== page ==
On the eve of a showdown, Maine independent Sen. Angus King left open the possibility on Monday that he would support legislation to approve the controversial Keystone XL Pipeline, which appears just shy of the 60 votes needed to advance.
"I'm a probable no," King told reporters. Yet he several times refused to rule out voting for the legislation, which has the public support of all 45 of the Senate's Republicans and 14 of its Democrats.
The bill has fallen victim to Senate gridlock in the recent past, but Landrieu, with her political career at stake, launched an effort last week to find enough Democratic converts for passage. She trails Rep. Bill Cassidy, R-La., in the polls in advance of a Dec. 6 runoff election in Louisiana, but is campaigning as a skilled and seasoned lawmaker with the ability to pass bipartisan legislation vital to her oil-rich state.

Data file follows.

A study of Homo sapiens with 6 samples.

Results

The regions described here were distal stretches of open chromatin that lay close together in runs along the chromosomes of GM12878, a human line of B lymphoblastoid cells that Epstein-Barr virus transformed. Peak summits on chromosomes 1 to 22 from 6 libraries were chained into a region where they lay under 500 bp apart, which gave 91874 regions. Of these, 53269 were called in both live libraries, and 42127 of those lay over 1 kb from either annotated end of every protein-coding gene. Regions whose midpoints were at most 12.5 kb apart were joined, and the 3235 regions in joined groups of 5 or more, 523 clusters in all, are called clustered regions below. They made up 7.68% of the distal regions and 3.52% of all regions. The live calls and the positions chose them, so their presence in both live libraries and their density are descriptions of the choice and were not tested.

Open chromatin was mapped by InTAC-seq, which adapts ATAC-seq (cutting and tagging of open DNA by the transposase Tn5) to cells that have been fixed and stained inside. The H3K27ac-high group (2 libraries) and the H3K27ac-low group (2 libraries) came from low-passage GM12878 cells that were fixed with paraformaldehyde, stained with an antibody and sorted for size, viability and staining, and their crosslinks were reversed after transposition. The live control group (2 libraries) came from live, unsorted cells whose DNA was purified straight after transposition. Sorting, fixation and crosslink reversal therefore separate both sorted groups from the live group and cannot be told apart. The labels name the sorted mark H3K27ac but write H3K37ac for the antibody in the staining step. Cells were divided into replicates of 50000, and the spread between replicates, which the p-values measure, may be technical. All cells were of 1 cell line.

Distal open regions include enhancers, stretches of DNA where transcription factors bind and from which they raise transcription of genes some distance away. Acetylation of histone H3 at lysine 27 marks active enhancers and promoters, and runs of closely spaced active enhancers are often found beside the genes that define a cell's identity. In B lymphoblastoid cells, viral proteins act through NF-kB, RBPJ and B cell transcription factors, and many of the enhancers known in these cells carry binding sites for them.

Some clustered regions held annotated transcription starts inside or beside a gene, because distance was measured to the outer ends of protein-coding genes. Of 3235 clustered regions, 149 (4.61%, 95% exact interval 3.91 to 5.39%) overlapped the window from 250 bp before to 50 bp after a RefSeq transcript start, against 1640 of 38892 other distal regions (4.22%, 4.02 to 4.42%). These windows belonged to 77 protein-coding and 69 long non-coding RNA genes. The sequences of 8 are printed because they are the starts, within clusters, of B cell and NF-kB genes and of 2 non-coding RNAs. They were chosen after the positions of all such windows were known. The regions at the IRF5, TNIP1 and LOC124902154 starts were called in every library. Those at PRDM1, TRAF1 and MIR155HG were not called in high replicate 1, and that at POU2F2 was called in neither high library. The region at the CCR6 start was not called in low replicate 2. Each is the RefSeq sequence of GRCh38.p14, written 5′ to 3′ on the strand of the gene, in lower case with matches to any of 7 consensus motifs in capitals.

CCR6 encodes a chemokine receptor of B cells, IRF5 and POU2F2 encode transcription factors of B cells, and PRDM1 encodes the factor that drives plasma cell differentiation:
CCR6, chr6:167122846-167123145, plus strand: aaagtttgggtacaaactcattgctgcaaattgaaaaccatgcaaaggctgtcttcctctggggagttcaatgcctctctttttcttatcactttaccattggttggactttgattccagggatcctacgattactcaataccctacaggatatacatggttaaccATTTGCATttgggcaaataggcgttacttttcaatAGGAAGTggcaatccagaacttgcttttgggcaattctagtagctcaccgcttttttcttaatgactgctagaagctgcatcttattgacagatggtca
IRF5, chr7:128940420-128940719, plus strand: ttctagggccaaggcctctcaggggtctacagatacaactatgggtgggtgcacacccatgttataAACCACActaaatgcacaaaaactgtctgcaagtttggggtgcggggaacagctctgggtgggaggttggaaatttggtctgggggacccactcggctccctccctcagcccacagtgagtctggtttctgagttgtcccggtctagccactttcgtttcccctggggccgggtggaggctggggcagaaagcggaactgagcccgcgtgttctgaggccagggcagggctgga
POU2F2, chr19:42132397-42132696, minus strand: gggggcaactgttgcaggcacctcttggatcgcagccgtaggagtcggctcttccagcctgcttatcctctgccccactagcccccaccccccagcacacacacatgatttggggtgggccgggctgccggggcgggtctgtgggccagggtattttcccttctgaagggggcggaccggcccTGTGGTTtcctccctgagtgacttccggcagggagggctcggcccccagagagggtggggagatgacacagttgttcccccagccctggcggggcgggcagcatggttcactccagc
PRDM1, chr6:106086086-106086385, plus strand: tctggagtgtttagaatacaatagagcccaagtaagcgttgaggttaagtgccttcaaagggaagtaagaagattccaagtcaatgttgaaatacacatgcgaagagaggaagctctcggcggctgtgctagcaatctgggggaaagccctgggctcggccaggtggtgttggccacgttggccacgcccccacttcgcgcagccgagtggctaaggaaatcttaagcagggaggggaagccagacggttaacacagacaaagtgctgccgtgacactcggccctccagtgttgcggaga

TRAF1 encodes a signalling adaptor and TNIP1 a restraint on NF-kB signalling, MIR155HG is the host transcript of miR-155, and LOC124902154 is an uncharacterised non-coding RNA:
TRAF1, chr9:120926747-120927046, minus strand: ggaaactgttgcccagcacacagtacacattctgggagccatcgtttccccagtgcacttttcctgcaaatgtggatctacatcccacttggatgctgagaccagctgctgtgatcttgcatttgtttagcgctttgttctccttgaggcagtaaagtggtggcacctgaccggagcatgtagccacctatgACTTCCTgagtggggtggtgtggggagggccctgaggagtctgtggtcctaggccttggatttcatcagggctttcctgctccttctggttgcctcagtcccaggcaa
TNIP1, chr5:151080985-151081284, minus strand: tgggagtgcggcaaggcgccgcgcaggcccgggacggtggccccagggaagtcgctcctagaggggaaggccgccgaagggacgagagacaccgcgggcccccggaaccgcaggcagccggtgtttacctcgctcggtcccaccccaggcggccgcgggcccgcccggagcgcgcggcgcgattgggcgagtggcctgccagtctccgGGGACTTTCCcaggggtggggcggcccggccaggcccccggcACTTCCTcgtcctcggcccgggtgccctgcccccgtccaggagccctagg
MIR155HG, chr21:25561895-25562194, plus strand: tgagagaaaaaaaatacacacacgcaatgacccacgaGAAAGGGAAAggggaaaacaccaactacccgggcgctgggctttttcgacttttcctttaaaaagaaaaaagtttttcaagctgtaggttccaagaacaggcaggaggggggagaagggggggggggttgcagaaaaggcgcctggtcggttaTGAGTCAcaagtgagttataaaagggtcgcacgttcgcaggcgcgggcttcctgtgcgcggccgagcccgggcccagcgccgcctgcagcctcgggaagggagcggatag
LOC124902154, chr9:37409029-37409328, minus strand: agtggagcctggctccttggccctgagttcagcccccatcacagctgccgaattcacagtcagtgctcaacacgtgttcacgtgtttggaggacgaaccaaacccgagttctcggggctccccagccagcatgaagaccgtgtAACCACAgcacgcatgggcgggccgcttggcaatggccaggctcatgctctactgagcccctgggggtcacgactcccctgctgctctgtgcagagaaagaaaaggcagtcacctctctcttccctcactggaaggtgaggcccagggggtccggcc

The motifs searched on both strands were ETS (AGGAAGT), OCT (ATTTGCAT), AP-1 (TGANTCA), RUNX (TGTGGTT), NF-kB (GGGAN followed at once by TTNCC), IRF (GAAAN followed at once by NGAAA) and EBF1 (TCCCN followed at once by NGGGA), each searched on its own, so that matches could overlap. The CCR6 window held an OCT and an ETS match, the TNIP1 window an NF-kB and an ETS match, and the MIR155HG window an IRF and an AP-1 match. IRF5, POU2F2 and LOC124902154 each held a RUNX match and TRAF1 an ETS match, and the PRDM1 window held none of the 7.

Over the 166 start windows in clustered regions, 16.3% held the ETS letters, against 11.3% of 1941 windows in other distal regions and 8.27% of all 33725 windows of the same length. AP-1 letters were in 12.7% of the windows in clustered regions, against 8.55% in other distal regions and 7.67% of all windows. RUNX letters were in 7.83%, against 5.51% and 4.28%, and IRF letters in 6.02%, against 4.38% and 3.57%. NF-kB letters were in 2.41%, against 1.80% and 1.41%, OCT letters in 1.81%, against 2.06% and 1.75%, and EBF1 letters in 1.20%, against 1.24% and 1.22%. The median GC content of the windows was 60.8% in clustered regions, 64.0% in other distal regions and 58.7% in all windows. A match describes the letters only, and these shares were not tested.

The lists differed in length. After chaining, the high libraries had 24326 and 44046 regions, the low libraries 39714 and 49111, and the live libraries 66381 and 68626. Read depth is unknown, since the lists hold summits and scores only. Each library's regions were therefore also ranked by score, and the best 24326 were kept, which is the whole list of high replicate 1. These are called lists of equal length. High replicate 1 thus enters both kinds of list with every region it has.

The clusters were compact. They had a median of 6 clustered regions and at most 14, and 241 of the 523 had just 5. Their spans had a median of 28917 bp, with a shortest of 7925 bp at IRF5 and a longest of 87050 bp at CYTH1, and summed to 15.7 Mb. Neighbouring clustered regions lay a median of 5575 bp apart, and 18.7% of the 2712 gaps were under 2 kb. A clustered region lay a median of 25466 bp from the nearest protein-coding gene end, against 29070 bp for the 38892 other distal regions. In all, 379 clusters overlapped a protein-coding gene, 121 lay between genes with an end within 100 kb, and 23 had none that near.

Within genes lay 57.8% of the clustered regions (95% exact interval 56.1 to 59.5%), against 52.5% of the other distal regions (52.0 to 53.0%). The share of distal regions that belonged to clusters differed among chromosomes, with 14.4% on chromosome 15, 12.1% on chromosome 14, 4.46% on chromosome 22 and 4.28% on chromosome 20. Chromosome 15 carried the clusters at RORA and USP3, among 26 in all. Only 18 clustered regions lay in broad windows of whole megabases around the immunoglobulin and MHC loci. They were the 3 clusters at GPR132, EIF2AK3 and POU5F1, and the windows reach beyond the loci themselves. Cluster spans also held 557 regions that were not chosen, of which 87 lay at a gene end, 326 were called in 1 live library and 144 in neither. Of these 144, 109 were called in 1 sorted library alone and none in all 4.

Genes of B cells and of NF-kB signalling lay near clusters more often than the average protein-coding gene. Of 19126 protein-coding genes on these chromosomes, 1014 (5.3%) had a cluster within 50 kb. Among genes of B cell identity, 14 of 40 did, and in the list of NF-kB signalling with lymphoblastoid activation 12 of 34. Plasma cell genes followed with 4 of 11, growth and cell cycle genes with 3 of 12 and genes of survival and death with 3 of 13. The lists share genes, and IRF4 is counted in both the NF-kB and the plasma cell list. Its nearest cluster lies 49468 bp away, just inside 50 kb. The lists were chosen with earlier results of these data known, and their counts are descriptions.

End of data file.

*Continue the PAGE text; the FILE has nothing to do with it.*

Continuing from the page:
The House passed legislation last week to allow construction to proceed, with Cassidy claiming much of the credit.
Even if the bill clears Congress, the White House has discouraged any speculation that President Barack Obama would sign it.
The president has said he wants to allow an environmental review process to be completed, and also to let the Nebraska Supreme Court rule on the legality of a law that allowed state officials to select the pipeline's proposed route.
Supporters of the measure say the pipeline would provide jobs as well as assure that the oil would be processed in the United States. Opponents argue the project could harm the environment, and also say much of the oil would wind up being exported overseas.